For many of us it’s time to pack the sun cream and sandals and head off to sunnier climes.
However, what should be a time of fun and relaxation can turn sour if injury or illness strikes while you’re away. Here’s some guidance if it happens to you.
What to Do When You’re There.
If you’re taken ill whilst abroad and this is the result of someone’s negligence, you may be able to make a claim for compensation. In these circumstances, try to make a record of the circumstances which led to your condition by reporting it to the staff or your travel representative at the time. If you can, find out if other holidaymakers have also been taken ill and keep a record of their names and home addresses. Keep a record of any visits to, or from, a doctor and any expenses incurred for medicines or hospital visits. If you have an accident, take names and addresses of witnesses and if possible take photographs of the area where the accident happened. Make a note in the travel agent’s accident book and again keep receipts as evidence of prescription costs and travelling expenses.
UK Versus Abroad.
For UK holidays, an accident, injury or illness claim could be dealt with in the same way as other personal injury claims. With foreign holidays, you are only able to bring a claim against the holiday company if the holiday was booked as part of a package through a UK travel agent. Your experience would also need to be the fault of the travel agent or their representatives, which will typically not include activities outside of their endorsed programme. Strict time limits apply for making a personal injury claim, with the standard period being within three years. However, shorter limitation periods may apply if your accident occurred whilst you were travelling on an aeroplane, boat, cruise ship or an international train, or if you have an accident abroad and your holiday does not form part of a package holiday.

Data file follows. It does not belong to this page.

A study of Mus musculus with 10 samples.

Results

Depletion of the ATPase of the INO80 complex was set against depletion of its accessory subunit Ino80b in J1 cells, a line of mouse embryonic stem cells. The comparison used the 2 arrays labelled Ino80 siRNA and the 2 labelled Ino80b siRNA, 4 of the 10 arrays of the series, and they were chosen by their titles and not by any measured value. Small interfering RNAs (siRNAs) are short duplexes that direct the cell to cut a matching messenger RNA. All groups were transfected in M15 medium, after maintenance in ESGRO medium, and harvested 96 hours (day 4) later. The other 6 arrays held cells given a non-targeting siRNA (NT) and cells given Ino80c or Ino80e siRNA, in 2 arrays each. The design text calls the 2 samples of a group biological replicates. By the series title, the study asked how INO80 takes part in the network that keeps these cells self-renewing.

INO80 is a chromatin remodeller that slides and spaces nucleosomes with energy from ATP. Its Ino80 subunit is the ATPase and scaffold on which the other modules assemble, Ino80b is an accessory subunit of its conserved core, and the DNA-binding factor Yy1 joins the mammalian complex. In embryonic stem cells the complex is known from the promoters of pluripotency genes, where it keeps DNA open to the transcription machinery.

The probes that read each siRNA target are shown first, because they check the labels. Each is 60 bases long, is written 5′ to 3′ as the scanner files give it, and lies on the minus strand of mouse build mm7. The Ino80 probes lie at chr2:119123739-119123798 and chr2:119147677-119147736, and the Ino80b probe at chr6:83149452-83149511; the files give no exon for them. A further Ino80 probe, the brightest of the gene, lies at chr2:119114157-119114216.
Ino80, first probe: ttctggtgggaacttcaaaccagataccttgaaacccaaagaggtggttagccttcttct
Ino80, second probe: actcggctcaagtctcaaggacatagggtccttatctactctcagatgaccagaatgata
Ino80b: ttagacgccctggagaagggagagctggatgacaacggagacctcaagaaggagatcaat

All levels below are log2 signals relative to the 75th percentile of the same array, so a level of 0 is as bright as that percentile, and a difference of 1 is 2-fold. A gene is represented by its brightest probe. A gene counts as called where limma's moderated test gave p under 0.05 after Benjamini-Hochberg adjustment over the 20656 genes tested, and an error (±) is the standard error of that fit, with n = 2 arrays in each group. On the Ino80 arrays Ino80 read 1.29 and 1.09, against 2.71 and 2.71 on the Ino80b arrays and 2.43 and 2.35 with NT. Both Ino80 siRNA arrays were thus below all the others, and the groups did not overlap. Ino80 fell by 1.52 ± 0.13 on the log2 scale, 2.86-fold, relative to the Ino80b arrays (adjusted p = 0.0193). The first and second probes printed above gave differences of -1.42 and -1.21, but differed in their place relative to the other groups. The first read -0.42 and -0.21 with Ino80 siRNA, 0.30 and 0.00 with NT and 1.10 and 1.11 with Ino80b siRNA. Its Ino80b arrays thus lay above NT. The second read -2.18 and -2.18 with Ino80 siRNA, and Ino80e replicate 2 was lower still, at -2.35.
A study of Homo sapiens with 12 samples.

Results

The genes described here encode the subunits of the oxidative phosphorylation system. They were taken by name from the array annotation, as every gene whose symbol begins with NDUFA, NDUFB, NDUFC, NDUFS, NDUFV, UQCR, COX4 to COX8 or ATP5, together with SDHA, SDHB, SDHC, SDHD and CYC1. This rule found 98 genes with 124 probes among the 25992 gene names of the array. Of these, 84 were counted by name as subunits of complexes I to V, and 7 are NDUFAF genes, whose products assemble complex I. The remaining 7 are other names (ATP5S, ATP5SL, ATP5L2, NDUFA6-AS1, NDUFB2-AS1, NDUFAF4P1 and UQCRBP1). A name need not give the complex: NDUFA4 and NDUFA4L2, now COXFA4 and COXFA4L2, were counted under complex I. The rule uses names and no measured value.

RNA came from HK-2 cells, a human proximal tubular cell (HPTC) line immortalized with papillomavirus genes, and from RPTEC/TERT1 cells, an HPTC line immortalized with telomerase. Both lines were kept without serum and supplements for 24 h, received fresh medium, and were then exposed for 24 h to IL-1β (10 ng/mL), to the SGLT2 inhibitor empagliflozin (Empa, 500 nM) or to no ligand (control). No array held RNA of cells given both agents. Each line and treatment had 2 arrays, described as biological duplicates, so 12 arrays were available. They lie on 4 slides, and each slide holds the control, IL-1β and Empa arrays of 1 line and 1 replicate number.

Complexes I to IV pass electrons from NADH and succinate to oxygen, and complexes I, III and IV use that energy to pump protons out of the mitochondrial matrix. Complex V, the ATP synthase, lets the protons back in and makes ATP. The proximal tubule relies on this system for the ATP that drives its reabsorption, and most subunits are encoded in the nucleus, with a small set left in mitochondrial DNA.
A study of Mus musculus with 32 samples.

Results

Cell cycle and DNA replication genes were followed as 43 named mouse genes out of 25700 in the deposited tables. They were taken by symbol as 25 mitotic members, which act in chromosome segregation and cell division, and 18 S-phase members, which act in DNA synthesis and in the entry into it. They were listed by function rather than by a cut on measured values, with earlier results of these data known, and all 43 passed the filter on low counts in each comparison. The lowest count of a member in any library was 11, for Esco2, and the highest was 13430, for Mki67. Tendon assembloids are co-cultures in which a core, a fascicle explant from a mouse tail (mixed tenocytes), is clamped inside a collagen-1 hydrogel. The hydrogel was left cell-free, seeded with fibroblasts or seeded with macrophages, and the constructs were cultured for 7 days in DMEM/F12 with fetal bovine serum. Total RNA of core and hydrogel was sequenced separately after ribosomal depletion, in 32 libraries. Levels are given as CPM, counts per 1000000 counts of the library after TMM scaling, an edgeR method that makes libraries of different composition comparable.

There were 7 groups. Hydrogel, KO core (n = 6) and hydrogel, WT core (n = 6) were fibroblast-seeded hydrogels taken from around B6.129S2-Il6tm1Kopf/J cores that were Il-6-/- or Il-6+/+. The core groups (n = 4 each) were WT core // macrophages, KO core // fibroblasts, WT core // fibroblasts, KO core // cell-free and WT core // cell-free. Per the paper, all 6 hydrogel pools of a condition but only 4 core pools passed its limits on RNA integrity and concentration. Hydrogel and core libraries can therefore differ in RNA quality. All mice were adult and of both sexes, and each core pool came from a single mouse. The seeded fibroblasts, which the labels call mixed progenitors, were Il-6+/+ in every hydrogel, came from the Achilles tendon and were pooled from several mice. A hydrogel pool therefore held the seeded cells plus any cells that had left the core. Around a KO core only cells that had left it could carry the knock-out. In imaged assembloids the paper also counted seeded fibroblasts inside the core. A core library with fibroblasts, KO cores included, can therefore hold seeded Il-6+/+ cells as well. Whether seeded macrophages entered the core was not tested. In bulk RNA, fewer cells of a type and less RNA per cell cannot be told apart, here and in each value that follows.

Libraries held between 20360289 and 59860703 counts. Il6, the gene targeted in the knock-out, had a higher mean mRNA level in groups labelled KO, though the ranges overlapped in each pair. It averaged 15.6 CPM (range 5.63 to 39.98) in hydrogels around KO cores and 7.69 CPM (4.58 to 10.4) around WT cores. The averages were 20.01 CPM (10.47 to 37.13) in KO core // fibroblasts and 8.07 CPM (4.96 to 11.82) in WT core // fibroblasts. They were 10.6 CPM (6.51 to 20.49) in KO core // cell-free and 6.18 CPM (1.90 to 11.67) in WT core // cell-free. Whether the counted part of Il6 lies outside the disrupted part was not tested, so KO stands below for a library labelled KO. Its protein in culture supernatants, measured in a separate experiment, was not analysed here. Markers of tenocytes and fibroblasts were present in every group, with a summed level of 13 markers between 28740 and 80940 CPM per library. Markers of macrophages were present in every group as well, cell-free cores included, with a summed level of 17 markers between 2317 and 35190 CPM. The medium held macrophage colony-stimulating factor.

European Health Insurance Card.
To make sure you are covered for treatment while you are away, you should apply for a European Health Insurance Card (EHIC) before you travel – this is the new version of the E111 and is free online or at the Post Office. The EHIC lets you get state healthcare in all European Economic Area countries including Switzerland at a reduced cost, or sometimes for free. It is not an alternative to travel insurance and won’t cover any private medical healthcare or costs such as being flown back to the UK. Therefore, we recommend you having both an EHIC and private travel insurance.
Your First Port Of Call.
In all cases, the best advice is to keep as much evidence of your condition as possible and report it to your travel agent. Then, as soon as you are able, speak to a qualified solicitor who can help you make the right decisions with progressing any claim.
The author of this article was Karen Kenyon, Solicitor, Harold Stock & Co Solicitors.
For further information contact: Karen Kenyon Telephone: 01457 835597.